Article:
Volume 686: debated on Thursday 2 November 2006

asked Her Majesty’s Government:

When they will sign the European Convention on Action against Trafficking in Human Beings.

My Lords, the United Kingdom is currently considering whether to sign the Council of Europe Convention on Action against Trafficking in Human Beings. The Government are examining how the convention’s approach could best be harmonised with effective immigration controls.

My Lords, I am partially grateful to the Minister for her reply, but can she say how many people are estimated to have been trafficked into the United Kingdom over, say, the past five years? Secondly, this morning I received a note from the Foreign Office saying that 131 treaties had not been ratified by the United Kingdom. Of the 46 member states of the Council of Europe, 25 have ratified the convention on human trafficking. Why has the United Kingdom been unable to do so? Should we not take a very visible lead in all these humanitarian causes?

My Lords, I reassure the noble Lord that we do take a lead in these humanitarian causes. Although a number of countries have signed the convention, very few have ratified it. It is very difficult to say how many people are trafficked, because one has to differentiate between those who may assert that that has happened and those to whom it has happened. I shall certainly write to the noble Lord about cases where convictions have been established, because those are better numbers. I am not sure whether we have a definitive number for that, but I shall use my best endeavours to get the noble Lord the details that he seeks.

My Lords, my noble friend will know that the convention is not the only international instrument to control that cruel trade. In 2004, an optional protocol to the UN Convention on the Rights of the Child entered into force on protecting children from all forms of sexual exploitation. Is the UK still not in a position to ratify that? How much longer will the Home Office’s review of the articles of that instrument take?

My Lords, we are not in a position to ratify it now. Your Lordships will know that the United Kingdom has taken its treaty responsibilities very seriously indeed and will sign treaties only when we are absolutely committed to all their terms and to their delivery. I assure my noble friend that this issue is of the utmost importance to us.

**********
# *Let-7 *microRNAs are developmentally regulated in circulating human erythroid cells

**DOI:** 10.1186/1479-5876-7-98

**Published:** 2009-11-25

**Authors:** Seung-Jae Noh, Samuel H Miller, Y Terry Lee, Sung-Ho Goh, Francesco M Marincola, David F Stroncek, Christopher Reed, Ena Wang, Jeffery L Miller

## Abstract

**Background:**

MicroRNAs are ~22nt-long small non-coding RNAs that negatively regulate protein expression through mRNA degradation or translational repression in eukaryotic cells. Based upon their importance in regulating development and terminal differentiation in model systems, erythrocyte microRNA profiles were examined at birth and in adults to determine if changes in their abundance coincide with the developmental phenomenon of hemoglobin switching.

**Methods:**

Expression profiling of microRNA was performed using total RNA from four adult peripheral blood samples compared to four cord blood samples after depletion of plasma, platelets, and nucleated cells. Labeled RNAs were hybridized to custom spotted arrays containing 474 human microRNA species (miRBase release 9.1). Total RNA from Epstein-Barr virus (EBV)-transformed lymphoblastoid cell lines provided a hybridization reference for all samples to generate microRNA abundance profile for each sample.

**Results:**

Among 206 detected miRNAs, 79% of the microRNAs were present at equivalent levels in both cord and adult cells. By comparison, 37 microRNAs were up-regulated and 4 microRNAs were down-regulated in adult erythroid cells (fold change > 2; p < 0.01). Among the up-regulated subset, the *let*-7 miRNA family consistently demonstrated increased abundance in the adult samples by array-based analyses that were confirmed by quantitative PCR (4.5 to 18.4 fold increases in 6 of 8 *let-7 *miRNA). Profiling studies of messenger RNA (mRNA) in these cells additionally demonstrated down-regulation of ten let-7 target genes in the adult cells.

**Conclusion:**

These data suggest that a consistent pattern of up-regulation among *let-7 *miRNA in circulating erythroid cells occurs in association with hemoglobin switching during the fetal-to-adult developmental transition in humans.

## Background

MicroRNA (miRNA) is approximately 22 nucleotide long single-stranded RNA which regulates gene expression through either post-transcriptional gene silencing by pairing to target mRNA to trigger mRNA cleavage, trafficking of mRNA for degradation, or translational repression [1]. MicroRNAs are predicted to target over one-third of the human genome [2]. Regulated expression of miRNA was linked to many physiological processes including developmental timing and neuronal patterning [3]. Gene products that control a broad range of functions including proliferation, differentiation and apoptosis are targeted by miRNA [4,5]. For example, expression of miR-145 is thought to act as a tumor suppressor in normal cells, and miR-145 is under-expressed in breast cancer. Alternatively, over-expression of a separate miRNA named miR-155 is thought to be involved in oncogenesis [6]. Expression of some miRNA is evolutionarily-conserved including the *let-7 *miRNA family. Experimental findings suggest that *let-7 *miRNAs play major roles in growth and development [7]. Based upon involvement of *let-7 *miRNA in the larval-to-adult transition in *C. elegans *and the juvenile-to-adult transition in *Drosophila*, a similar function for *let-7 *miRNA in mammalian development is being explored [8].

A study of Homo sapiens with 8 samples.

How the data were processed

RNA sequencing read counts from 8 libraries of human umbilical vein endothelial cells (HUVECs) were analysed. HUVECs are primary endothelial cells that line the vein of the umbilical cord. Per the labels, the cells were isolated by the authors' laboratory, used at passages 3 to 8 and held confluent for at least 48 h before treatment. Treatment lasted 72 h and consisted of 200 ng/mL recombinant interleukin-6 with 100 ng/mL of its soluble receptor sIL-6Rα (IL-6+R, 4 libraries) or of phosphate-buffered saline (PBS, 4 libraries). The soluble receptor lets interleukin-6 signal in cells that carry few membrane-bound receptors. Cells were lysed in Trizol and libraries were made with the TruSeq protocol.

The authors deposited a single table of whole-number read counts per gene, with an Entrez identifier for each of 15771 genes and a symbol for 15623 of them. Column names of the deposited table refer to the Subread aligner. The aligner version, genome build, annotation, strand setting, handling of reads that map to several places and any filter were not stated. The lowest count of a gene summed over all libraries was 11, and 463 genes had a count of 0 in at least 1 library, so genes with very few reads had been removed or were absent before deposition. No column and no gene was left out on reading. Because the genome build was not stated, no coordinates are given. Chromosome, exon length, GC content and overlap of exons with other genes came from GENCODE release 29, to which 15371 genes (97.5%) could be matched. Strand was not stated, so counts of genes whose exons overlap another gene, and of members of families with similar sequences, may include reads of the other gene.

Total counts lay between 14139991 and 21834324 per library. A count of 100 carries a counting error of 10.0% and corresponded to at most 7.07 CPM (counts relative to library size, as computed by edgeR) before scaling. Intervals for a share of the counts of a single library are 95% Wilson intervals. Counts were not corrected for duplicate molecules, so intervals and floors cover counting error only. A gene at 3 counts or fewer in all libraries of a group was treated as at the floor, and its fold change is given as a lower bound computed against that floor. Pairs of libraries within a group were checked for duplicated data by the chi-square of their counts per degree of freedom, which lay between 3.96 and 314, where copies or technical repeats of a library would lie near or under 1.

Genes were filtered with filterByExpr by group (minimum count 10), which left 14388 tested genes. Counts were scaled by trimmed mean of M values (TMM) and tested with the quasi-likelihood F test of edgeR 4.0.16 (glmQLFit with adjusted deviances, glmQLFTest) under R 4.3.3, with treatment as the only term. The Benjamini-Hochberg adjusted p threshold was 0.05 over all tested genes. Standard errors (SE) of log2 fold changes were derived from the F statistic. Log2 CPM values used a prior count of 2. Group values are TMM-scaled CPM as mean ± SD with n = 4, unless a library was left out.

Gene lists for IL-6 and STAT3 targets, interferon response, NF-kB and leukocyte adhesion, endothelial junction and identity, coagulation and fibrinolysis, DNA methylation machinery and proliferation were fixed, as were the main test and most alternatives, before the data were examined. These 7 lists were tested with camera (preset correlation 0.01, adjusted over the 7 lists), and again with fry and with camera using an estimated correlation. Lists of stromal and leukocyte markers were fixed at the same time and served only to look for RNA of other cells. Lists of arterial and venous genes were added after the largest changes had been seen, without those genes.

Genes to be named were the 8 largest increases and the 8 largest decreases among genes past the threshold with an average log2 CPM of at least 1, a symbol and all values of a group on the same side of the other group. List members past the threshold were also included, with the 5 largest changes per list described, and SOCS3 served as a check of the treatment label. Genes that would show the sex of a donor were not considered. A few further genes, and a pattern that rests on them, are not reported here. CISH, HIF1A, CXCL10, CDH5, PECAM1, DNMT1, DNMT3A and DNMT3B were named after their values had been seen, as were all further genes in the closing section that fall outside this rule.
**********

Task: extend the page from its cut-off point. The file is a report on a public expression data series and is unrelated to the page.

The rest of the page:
My Lords, it is not possible to say whether the trafficking of children has increased, but I assure the noble Baroness that, as a result of our attention to this issue, our ability to respond creatively and positively—through our action plan and the actions that we are taking—has certainly increased.

My Lords, the Home Office has published an estimate of 4,000 people who have been trafficked to the United Kingdom, and the figure was published also in a House of Commons Library note in September 2006. If that many people in the United Kingdom have been victims of trafficking, why are there so few prosecutions under either the Sexual Offences Act 2003 or the Asylum and Immigration (Treatment of Claimants, etc.) Act 2004, which criminalised trafficking for sexual purposes and other purposes respectively? Is it because the police do not have to look to a key performance indicator that measures their performance on the detection and prosecution of these offences?

My Lords, I do not think that it is. One of the difficulties is that sufficient evidence must be found to substantiate someone’s claim that they have been trafficked and to justify a prosecution. One of the things that we have been able to do through the action plan is to help professionals better understand how trafficking occurs and to enable them to take more positive and effective action to prosecute it. The different models of operation that we have been able to run are proving successful.

My Lords, will the Minister say which countries are the worst offenders on trafficking and what action the Government are taking to encourage them to suppress it?

My Lords, it would be invidious for me to identify any particular country. However, our foreign policy means that we are engaging with all countries on this matter because all are either purveyors or receivers of trafficked people. It is an issue on which we must all engage. The UK action plan, which we are putting together, will enable us to respond to this terrible scourge in a much more targeted and, we hope, effective way.

My Lords, concerns have been expressed about the dangers of an increase in this evil trade when Bulgaria and Romania enter the EU on 1 January. Do the Government share those concerns and, if so, what action is being taken?

My Lords, I hear what my noble friend says about those concerns. I reassure the House that we have been working very successfully with our colleagues in Bulgaria and Romania on crime. One of the benefits of that close relationship is that we are better able to interdict this and other crimes across Europe.

My Lords, does the Minister agree that the Italian Government are much more experienced in this matter than we are, particularly in protecting those victims of trafficking who need a period of reflection when they are arrested? Will she confirm that the Italian Government have contributed to the UK’s action plan and that discussions are being held?

My Lords, we have looked at what other countries have done in this area so that we can learn how to respond better. The UK action plan on human trafficking includes action on many ways in which children are trafficked, not only for sexual exploitation but for exploitation of labour. This is a very broad-ranging plan, and we are considering the best information that we have to ensure that that action really bites on this evil and pernicious crime.